The 7-year-old girl looked at the variety of activities under way Wednesday evening in tents during the vacation Bible school. She could glue plastic gems onto a small wooden box, make a globe night light out of a balloon and paper mache, or create a flute, among other crafts. It all looked like fun to her.
"You make cool crafts and learn about new stuff every day," she said.
The vacation Bible school was held Monday through Friday at the church located at 17210 Highway 9. This year's theme was "Babylon, Daniel's Courage in Captivity." The week included the marketplace tour of ancient Babylon, outdoor games, and stories about the Old Testament figure, Daniel, a Jewish captive in Babylon who continued to believe in God.
Children ages 5 to the sixth grade took part in the activities. About 40 children attended the school Wednesday evening.
"We loved the idea of setting up the whole city of Babylon so the kids could walk through," said Tiffany Littlefield, children's pastor. "The marketplace was actually something I loved so children aren't dictated where they have to go they can go in and choose what they want to do."
The church started holding their week-long vacation Bible school in the evening last year to allow more families to participate, Littlefield said.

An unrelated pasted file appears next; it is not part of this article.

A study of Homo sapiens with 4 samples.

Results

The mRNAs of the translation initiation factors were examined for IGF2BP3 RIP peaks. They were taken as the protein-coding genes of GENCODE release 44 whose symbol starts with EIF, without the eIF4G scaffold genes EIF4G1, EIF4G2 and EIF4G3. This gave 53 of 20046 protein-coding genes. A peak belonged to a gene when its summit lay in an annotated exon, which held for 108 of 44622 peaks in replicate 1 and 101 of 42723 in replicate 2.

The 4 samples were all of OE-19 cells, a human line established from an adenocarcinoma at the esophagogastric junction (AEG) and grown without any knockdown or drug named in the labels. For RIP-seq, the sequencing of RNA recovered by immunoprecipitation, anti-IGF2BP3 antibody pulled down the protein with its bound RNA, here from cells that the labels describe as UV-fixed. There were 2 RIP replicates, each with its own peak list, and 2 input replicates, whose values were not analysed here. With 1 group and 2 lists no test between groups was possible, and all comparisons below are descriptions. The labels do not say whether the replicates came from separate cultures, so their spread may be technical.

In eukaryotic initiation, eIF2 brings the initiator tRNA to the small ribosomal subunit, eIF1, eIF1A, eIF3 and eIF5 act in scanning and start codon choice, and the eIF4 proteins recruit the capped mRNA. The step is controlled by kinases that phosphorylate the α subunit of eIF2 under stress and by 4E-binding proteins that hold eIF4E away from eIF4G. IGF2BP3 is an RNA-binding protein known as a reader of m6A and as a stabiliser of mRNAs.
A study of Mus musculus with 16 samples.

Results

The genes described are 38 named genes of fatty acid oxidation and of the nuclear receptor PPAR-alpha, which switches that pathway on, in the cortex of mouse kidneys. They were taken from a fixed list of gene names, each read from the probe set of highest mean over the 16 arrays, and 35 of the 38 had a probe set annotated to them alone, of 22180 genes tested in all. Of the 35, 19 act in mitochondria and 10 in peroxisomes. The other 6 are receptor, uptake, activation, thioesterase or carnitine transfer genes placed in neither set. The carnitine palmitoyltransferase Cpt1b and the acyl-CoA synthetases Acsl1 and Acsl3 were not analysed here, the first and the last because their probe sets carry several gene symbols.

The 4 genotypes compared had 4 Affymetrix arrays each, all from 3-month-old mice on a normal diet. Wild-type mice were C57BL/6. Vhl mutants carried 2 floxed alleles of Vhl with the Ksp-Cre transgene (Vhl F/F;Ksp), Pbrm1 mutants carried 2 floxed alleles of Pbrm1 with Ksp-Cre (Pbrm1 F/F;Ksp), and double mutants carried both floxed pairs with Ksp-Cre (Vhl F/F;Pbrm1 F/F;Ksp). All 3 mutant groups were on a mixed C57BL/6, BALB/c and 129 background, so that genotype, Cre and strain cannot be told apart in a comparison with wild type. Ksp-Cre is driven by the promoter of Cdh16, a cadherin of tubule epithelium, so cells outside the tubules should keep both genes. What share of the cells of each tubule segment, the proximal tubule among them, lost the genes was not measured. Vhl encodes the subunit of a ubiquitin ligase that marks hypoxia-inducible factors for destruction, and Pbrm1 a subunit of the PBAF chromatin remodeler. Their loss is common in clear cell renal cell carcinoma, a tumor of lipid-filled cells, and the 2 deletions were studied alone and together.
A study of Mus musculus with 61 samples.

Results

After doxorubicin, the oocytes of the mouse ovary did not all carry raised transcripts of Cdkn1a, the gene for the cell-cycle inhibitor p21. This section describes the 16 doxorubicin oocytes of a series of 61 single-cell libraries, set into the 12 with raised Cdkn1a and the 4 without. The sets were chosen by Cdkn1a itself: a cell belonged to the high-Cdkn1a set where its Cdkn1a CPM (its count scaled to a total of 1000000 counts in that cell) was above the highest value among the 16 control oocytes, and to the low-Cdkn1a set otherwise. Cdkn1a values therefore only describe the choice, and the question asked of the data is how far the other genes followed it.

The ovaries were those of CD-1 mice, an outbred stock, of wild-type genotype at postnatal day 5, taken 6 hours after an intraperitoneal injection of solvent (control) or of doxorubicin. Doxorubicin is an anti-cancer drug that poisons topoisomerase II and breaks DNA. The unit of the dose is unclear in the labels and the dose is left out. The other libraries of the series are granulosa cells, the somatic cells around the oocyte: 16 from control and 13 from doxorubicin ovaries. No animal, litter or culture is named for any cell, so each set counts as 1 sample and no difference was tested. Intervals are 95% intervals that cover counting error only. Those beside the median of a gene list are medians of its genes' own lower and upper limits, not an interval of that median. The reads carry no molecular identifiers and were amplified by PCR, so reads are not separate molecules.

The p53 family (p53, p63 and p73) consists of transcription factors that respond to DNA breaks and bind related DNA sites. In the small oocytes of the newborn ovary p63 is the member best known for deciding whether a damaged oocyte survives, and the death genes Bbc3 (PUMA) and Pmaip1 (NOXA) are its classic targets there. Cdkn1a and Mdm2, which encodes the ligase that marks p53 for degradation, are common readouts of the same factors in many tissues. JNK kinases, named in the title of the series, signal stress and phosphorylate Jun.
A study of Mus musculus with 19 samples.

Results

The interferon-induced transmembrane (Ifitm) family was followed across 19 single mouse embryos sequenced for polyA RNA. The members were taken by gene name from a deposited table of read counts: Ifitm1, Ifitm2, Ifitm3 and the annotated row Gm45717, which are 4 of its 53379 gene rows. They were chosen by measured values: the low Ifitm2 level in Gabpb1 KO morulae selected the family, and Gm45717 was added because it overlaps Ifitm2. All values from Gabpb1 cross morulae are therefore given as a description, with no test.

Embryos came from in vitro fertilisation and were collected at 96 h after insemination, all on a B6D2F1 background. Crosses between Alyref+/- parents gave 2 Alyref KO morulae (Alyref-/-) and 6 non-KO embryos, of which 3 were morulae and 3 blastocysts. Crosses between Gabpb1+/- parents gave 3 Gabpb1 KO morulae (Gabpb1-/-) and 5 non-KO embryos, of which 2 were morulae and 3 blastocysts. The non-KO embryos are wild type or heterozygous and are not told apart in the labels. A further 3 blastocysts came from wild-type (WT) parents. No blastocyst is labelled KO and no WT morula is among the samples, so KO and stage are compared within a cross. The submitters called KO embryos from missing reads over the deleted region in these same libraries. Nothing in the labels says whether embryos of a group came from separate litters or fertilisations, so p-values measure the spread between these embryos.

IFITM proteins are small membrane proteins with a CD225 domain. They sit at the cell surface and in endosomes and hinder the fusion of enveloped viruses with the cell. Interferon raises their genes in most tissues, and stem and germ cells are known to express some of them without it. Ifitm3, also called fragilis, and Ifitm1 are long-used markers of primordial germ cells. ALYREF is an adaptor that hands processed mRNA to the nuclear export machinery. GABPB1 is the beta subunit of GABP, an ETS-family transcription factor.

"A lot of families that work have their children in daycare and having a two-hour vacation Bible school would be too difficult to drive their children back and forth to," she said. "It's been amazing how many people have volunteered."
Songs, discussion and Bible points, such as, "When you're afraid God is with you," were part of each evening's activities. Children were encouraged to use what they had learned each day to talk with volunteers, who posed as characters in Daniel's time who did not share the same belief in God, said church member Donna Green. She volunteered at the only tent set in today's time. Its focus was to collect donations to buy mosquito nets for children in Africa. The project is part of Operation Kid-to-Kid, a partnership that creates hands-on service projects for children in North America.
"They're learning, they're becoming connected with God and they're loving it," said Green, 72. "This becomes three dimensional for them instead of just print on the paper."
Ellie, her sister, Alexa, 9, and their cousin, Ariana Christoffersen, 9, learned about how kids in Africa are at risk of catching malaria from mosquito bites. They organized a lemonade stand Wednesday afternoon and raised more than $13 for the Operation Kid-to-Kid project.
"We didn't want any child dying," Alexa said. "I have a younger brother and I can't imagine him getting sick by mosquitoes."
Learning to help others and making good memories is what the week was about, Littlefield said.
"They will not remember scripture right now but they'll remember principles of it," Littlefield said. "I don't ever want a child to walk away from church and think, 'That was so boring, I never want to go back,' but to think of it as people were really nice and it was so fun that they'll come back as adults."
Amy Daybert: 425-339-3491; email@example.com.